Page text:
Maintenance closures, operational issues and other interruptions in the supply of gas from west coast refineries have gas prices soaring in the west, one researcher charges.

With gas prices at west coast pumps higher than those elsewhere in the country, some in the federal government are asking if recent refinery closures on the west coast are the result of a coordinated effort by the companies. One congressperson has called for an investigation into the charges, though the companies deny that such collusion exists. 

Gas prices are an average of $3.45 per gallon in Michigan, $3.35 in Florida, $3.35 in Texas, and $3.65 in New York City. In Martinez, gas prices are over $4 per gallon. 

Sen. Maria Cantwell, D.Wash, has asked the Federal Trade Commission to investigate Shell, Tesoro, Conoco-Phillips, Alon, Chevron and BP for possible collusion into raising the price of gas, according to a story by McClatchy News Service. Refinery spokespeople say prices are the result of market demand, and not collusion. 

In other refinery news, the Martinez Shell Refinery notified the California Emergency Mangement Agency that it had released sulphur dioxide into the atmosphere around 12:20 p.m. Friday due to a flare.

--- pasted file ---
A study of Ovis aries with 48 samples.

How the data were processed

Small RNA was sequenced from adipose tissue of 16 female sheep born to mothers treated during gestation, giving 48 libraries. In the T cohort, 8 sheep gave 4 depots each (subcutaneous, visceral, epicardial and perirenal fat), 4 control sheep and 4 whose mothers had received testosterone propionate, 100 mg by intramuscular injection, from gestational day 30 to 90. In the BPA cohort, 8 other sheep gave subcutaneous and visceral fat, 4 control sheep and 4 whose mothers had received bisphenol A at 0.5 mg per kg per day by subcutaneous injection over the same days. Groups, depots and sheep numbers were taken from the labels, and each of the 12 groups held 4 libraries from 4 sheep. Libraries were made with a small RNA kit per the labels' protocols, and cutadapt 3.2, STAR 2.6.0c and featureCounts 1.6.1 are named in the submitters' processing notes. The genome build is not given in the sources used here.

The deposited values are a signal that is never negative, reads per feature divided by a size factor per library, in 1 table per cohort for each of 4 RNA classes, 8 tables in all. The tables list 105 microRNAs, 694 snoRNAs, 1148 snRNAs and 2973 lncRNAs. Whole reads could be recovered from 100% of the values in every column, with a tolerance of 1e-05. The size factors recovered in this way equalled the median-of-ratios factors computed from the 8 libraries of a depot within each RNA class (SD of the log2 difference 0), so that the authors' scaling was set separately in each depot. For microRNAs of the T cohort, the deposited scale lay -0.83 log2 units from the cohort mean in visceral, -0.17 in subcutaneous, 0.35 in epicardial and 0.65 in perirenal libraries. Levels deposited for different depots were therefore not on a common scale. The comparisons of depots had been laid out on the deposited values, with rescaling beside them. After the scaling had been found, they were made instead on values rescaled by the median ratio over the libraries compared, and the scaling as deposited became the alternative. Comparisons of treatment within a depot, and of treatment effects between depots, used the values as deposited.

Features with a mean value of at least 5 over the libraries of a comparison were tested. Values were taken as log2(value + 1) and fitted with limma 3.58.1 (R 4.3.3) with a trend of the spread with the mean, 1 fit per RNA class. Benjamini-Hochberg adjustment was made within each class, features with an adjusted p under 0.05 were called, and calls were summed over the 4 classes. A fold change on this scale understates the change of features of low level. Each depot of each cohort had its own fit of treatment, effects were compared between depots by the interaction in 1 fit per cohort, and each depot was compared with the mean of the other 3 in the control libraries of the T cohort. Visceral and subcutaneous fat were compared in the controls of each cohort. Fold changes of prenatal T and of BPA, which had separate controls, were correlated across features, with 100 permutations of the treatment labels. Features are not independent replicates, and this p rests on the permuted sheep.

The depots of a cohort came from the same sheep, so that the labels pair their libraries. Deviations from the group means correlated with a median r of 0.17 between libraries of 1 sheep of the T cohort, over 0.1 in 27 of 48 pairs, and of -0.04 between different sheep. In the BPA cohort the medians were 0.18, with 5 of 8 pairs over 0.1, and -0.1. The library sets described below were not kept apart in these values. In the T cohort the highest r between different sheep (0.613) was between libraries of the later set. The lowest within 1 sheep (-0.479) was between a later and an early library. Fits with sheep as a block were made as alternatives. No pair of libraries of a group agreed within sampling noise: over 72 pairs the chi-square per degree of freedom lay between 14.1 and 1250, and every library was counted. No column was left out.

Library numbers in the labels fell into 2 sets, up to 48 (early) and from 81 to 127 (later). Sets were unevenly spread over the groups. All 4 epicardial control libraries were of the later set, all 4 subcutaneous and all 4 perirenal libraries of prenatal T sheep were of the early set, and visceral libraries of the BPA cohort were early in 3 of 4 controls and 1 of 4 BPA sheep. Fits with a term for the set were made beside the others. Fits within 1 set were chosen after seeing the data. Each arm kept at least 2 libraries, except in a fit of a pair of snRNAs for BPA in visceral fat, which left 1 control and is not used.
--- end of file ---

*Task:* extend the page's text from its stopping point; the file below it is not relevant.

Meanwhile, Tesoro workers at the Martinez Golden Eagle Refinery have agreed to a new contract, the last group of unionized Tesoro workers to do so. The members of the United Steel Workers had authorized a strike vote if an agreement could not be reached, but apparently a strike is no longer a threat.

 

Donald Pallotta June 12, 2012 at 11:06 PM
I don't even claim to know the market reasons for price deltas, but just for the record, not all gasoline is trucked on the west coast. There are many networks of pipelines that serve to move product all over the region and for that matter, all over the United States.
Chris Kapsalis June 13, 2012 at 01:39 AM
You are correct. Natural gas is piped all over California, but refined gasoline is only piped from Bay area refineries to Stockton and Sacramento. The cost of piping it, the pipe cost itself and maintenance, then the trucking of the gas from Sacramento to Say Redding, in all we should still receive a discount or cheaper gas. And what about supply and demand? Demand is very high in the Bay area, and the supply is more, which should also lower our cost of gas, hmmm, get's even stranger ...
Linda Meza June 13, 2012 at 02:26 AM
Sorry Chris, but you're incorrect. There is a terminal (rack) in Eureka and Chico. There are racks in Sac, Martinez, South San Francisco, San Jose, Richmond and Benicia. http://www.energy.ca.gov/maps/powerplants/refinery_locations.html
Chris Kapsalis June 13, 2012 at 04:30 AM
I see refined patrolium only going to Stockton and Sacramento by pipeline. http://www.google.com/imgres?q=california+gasoline+pipeline+map&um=1&hl=en&safe=off&biw=1280&bih=593&tbm=isch&tbnid=W-eGekA7HhOCtM:&imgrefurl=http://ntl.bts.gov/DOCS/ctp2.html&docid=oUfGCe8Jb7bm8M&imgurl=http://ntl.bts.gov/DOCS/images/CTP2/ctp2-20.gif&w=500&h=541&ei=fxbYT-jtIeTC2QWH1qXDBw&zoom=1
Chris Kapsalis June 13, 2012 at 04:34 AM
Ooops, 1993. Still though, We should still get it cheaper I think.